A party wall is a wall located on or at the dividing line between neighboring premises and used, intended to be used, or available to be used by adjoining landowners in the construction or maintenance of improvements on their respective property. A party wall usually stands half on the land of each owner but may be entirely on the land of one, and is maintained at mutual cost. Each owner of adjoining lands on which a party wall stands owns the part of the wall that stands on the owner's land and has an easement, or right of use, in the other part, unless there is a contrary law or agreement.
Party wall agreements are generally enforceable as covenants running with the land, so that future owners or assignees are bound by the agreement. An adjoining landowner's easement rights in the wall ordinarily continues so long as the wall stands, unless agreed otherwise. Party wall easements are terminated on the accidental destruction of the wall and, under some circumstances, on substantial changes in conditions of the neighborhood.
A party wall has also been defined as follows:
"A party wall may be defined generally as a wall located upon or at the division line between adjoining landowners and used or intended to be used by both in the construction or maintenance of improvements on their respective tracts, or, more briefly, as a dividing wall for the common benefit and convenience of the tenements which it separates. The term ‘wall in common,’ as sometimes used, has the same meaning as party wall. A distinctive feature of a party wall is that the adjacent buildings are so constructed that each derives its support from the common wall. Thus, where each of two persons is seised of a specified half of a wall and nothing more, and no right of support or shelter has been acquired by the one from the other, such a wall is not a party wall."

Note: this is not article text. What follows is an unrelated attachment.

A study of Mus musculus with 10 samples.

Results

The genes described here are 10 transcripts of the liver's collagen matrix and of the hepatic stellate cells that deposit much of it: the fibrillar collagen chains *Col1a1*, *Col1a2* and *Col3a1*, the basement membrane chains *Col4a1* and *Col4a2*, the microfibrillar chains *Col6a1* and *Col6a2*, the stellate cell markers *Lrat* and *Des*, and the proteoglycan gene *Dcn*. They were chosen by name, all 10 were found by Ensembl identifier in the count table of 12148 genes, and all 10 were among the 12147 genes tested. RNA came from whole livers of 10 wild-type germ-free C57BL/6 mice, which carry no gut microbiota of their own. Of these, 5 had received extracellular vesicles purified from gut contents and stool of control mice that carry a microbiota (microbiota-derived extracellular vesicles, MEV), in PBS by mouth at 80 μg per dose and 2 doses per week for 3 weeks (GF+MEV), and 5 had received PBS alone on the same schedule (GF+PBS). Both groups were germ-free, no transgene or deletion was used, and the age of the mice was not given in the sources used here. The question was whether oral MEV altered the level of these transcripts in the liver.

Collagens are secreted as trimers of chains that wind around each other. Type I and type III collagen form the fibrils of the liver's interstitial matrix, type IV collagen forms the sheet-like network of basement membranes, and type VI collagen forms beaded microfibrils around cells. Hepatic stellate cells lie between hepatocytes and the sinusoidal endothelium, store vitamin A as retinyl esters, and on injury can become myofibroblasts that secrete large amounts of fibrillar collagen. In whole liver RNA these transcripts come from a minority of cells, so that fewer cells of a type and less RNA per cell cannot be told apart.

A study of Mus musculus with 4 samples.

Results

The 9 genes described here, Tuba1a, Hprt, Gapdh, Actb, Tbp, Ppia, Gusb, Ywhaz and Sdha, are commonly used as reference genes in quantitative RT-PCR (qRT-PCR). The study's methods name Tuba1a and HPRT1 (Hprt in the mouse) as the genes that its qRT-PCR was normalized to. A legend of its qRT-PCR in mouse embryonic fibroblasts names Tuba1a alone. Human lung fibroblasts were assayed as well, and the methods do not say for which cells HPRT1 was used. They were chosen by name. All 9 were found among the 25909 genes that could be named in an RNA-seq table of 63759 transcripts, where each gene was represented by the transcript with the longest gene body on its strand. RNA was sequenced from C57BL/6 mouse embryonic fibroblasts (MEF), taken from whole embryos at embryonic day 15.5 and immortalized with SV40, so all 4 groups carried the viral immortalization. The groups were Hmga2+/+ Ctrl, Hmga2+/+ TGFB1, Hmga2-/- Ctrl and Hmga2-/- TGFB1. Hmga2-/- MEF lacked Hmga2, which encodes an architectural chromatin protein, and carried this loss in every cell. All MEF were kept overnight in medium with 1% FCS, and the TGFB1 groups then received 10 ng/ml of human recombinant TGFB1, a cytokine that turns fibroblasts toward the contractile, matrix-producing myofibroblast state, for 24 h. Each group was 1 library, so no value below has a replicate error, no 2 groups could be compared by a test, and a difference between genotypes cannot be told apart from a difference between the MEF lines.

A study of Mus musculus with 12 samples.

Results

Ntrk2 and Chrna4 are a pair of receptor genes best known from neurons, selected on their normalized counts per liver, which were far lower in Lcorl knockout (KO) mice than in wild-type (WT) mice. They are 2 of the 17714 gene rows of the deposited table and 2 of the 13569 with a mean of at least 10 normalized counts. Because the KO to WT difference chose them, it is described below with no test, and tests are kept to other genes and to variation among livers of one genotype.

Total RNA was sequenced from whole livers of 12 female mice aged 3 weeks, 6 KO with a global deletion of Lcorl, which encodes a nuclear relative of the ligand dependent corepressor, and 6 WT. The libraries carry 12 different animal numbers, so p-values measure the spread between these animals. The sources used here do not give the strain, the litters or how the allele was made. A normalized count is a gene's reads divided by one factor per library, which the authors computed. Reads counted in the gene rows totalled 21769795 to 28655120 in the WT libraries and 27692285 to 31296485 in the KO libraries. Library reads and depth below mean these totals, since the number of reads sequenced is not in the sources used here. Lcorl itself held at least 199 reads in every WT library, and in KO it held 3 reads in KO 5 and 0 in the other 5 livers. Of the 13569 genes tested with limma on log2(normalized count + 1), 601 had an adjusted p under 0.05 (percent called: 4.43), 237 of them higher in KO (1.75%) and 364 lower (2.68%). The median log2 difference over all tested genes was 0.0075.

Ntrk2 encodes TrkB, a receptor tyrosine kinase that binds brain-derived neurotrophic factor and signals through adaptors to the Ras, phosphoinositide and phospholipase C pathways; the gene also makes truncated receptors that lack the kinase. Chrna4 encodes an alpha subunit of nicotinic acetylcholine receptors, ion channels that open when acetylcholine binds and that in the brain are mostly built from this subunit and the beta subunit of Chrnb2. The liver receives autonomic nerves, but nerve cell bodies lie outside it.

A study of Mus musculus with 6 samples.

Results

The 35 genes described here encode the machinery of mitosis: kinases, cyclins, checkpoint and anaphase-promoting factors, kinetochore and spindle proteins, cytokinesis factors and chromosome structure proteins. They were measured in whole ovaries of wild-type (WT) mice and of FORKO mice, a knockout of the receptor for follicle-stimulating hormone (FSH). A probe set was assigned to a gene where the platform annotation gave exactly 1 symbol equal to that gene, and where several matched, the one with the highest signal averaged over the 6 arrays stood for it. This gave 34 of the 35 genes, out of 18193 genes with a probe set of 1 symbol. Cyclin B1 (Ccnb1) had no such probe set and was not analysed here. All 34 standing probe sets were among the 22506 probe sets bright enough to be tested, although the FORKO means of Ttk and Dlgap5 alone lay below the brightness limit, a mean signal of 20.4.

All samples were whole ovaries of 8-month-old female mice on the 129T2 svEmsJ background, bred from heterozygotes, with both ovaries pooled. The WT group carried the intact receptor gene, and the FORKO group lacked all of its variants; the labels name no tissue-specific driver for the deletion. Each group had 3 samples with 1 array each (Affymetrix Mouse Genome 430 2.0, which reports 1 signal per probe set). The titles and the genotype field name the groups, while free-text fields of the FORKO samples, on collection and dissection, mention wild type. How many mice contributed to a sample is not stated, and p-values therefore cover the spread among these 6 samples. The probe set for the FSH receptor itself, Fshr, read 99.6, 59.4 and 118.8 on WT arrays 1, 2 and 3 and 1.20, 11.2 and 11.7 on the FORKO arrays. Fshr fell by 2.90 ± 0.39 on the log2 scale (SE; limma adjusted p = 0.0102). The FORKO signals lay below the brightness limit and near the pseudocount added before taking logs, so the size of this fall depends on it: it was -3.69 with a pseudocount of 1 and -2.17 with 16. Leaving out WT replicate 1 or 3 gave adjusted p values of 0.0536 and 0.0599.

40 Am. Jur. Party Walls § 2 at 485 (1942).
However, such a division wall may take on the character of a party wall by prescriptive use. For example, some courts have held that a wall erected and continually used as a division wall by adjoining owners for the statutory period is a party wall, even though it does not rest on the division line, but is wholly within the land of one of the adjoining owners. A prescriptive easement in a wall may be based on the support it provides, or other uses, such as protection from the elements. Such cases are decided on an individual basis, and are influenced by factors such as whether the removal of the wall was voluntary or involuntary. For instance, a court held that because a party wall was created by prescription, the plaintifffs obtained the right to continue to have the shelter that the wall provided to their home and the defendant was required to replace the party wall if he caused it to be removed. However, if the wall was destroyed by fire or public condemnation, the defendant would have no such duty to rebuild the portion of the wall removed.